THE Tweed Valley Mountain Rescue Team was called into action last Friday night to search for two men missing in the Ruberslaw area.
This was only one of several incidents where volunteers have helped Teries in trouble since the onset of the snow - from helping the local ambulance service deal with a cardiac emergency and a broken arm, to transporting patients requiring urgent dialysis treatement and carers to clients in remote areas.
Team leader Steve Penny commented: “TVMRT exists not only to assist those who get into difficulties in the hills, but also to support the communities in the Borders whenever the skills of the team can be brought to bear.”
It was at around 9pm last Friday when local police paged the team with a report of two men, aged 24 and 22, who had disappeared onto Ruberslaw, near Bonchester Bridge, and equipment belonging to them found.
A total of 23 volunteers, a search dog as well as two 4x4 ambulances and a control vehicle were mobilised in response to the emergency call, with two relatives of the missing men who had headed onto the hill to look for them also considered as missing.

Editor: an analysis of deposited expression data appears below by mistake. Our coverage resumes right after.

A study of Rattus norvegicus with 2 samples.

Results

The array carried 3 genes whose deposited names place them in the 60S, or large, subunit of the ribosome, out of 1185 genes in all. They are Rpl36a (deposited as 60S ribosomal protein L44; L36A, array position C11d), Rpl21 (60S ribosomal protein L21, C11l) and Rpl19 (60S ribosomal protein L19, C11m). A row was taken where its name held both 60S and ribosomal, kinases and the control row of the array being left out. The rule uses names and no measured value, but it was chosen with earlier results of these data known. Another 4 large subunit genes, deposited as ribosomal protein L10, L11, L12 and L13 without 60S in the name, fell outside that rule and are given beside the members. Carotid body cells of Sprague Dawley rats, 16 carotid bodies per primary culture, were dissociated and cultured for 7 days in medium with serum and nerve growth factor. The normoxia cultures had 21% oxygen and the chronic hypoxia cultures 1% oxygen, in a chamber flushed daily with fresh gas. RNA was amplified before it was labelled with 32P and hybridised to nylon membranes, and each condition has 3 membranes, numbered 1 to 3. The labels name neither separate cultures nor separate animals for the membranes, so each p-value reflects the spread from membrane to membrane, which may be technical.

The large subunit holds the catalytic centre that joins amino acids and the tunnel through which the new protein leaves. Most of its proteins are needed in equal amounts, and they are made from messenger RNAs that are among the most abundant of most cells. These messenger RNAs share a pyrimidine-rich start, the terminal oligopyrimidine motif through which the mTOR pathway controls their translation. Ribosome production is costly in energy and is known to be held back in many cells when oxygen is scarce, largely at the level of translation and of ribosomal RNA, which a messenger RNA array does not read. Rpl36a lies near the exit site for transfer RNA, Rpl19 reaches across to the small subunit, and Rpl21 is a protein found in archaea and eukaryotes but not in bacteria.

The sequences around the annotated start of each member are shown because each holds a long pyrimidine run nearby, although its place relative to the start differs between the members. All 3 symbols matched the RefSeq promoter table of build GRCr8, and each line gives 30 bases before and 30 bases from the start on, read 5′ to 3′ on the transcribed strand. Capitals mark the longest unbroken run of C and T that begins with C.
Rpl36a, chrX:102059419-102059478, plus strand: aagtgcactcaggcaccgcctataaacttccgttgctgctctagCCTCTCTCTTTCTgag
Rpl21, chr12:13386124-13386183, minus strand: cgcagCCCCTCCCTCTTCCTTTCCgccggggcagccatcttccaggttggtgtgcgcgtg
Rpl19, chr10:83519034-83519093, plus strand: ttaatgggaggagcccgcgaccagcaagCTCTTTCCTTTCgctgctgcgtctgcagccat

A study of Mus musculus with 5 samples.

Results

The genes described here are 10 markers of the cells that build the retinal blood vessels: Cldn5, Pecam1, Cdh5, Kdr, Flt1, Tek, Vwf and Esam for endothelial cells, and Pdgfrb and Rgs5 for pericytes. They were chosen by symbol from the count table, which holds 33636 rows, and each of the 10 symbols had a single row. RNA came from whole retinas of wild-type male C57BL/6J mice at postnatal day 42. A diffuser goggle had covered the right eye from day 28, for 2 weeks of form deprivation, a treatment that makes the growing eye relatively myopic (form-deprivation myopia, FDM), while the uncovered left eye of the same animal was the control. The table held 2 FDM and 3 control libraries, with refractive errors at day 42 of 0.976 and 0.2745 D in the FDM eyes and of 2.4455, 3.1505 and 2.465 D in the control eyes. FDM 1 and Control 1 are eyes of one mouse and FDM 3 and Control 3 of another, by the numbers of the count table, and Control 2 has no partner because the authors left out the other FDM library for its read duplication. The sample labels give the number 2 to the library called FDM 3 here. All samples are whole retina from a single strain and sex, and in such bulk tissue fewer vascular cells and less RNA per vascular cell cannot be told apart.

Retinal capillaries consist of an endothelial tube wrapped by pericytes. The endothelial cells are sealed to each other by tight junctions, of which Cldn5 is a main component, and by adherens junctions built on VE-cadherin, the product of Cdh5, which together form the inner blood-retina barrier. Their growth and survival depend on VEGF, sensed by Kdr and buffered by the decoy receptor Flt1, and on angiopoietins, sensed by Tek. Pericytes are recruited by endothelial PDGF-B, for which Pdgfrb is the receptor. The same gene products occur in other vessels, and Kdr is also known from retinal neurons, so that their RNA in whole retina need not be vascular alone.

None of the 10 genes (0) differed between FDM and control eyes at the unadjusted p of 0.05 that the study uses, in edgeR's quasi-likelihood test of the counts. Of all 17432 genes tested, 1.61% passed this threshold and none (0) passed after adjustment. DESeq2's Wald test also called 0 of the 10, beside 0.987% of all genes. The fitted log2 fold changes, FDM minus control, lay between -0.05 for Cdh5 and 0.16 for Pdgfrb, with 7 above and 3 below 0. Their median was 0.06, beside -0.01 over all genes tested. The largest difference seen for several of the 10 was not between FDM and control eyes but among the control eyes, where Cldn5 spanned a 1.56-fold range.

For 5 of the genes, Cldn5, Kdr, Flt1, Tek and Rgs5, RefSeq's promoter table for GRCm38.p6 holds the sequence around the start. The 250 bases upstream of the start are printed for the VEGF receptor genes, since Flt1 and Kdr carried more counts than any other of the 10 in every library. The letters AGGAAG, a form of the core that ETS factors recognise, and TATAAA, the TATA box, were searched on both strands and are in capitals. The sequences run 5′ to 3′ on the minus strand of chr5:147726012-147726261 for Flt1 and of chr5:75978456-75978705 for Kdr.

Luckily, while in the initial stages of the search, all four people were reported as returning home safe and well.
But Mr Penny says it serves as a warning to anyone heading for the hills.
“Whilst the snow brings an added incentive for people to head to the hills, it is important to remember that walking in deep snow is much more time consuming and uses a lot more energy than a summer walk”, said the team leader. “In these conditions sub-zero temperatures are not uncommon; couple that with short daylight hours and it’s easy for people venturing onto the hills to get caught out. I’d like to remind those heading for the hills to make sure that they are properly equipped for the conditions with warm clothes, torches, food and drink.”
From the first heavy snowfall two weeks ago when the team was called to provide emergency cover in Hawick with a 4x4 Land Rover ambulance, they have received a steady stream of calls for assistance also in support of NHS Borders, Scottish Borders Council social services and the police.
Mr Penny paid tribute to the commitment of his fellow volunteers, and added: “For over 40 years we have relied heavily on local communities to provide both members for the team and support through donations. Times such as this period of severe weather give the team the chance to give something back.”